Dietary Management of Hepatitis

Objectives
  • To provide adequate nutrition
  • To relieve symptoms
  • To aid in the regeneration of liver tissues
  • To prevent further liver damage

    Dietary modifications

    Energy: A high-energy diet is advised to promote weight gain and to ensure maximum protein utilization. However, initially the patient may not be able to eat enough due to anorexia. Gradually the energy intake should be increased.

    Proteins: Protein intake needs to be increased to promote regeneration of the liver. However, a very high protein load may not be tolerable and needs to be adjusted depending on the extent of liver damage.
    In acute cases, with extensive liver damage, the protein intake may have to be decreased even below normal.

    Carbohydrates: A high carbohydrate diet is recommended to meet the increased energy needs. This may be mainly in the form of carbohydrates like glucose, sugar, honey, fruits, and fruit juices and also from starches like cereals and root vegetables such as potato, carrot, radish etc.

    Fats: In case of hepatitis, the digestion and absorption of fat is impaired. Therefore, it is advisable to decrease fat intake, though not severely. In fact, inclusion of moderate amounts of fat in the diet not only increases the palatability of food but also promotes recovery.
    Emulsified fats such as fat from milk, butter, cream, eggs should be given as they are easily digested. Medium chain triglycerides present in coconut oil are better tolerated since they are directly absorbed without undergoing digestion.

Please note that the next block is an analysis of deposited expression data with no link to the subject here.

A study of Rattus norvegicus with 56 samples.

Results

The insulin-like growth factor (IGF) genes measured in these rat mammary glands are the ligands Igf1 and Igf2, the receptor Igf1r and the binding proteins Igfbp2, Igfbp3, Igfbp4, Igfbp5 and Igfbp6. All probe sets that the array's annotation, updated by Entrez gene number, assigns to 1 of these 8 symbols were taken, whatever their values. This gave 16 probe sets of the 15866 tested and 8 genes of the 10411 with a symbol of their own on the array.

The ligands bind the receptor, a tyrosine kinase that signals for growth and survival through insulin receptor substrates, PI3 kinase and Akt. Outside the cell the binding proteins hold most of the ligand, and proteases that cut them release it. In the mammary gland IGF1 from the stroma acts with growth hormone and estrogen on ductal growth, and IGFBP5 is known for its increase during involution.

Minerals: The diet should provide all minerals, particularly calcium and iron, in adequate amounts.

    Vitamins: The requirement of vitamin A, B, C and K are increased and should be met partially by diet and partially by the help of supplements.

    Sample diet plan

    MealMenu
    BreakfastDalia / suji kheer / sewian kheer (use toned milk preferably)
    Bread with jam
    Papaya / apple / any other fruit
    Mid-morningSprouted dal and vegetable chat
    LunchVegetable khichri
    Curds / raita
    Salad
    Mid-afternoonFruit yoghurt / rasgulla
    Evening teaOrange juice
    Paneer sandwich
    DinnerVegetable soup
    Boiled egg
    Rice with vegetables
    Salad
    Jelly with custard
    Bed timeMilk


    To remember

    • Patient should be encouraged to eat.
    • Food served should be well cooked, attractive and appetizing.
    • Likes and dislikes of the patient should be kept in mind.
    • Normal to soft diet should be given in three main meals with in between snacks.
    • Avoid large meals.
    • Foods to be included: sugar, honey, glucose, cereals, pulses, milk and milk products, eggs, fruits, and vegetables.
    • Foods to avoid: fried and fatty foods, fats, oils, nuts and oilseeds, strongly flavoured vegetables and foods
    • Avoid alcohol and restrict at least for a year after the attack.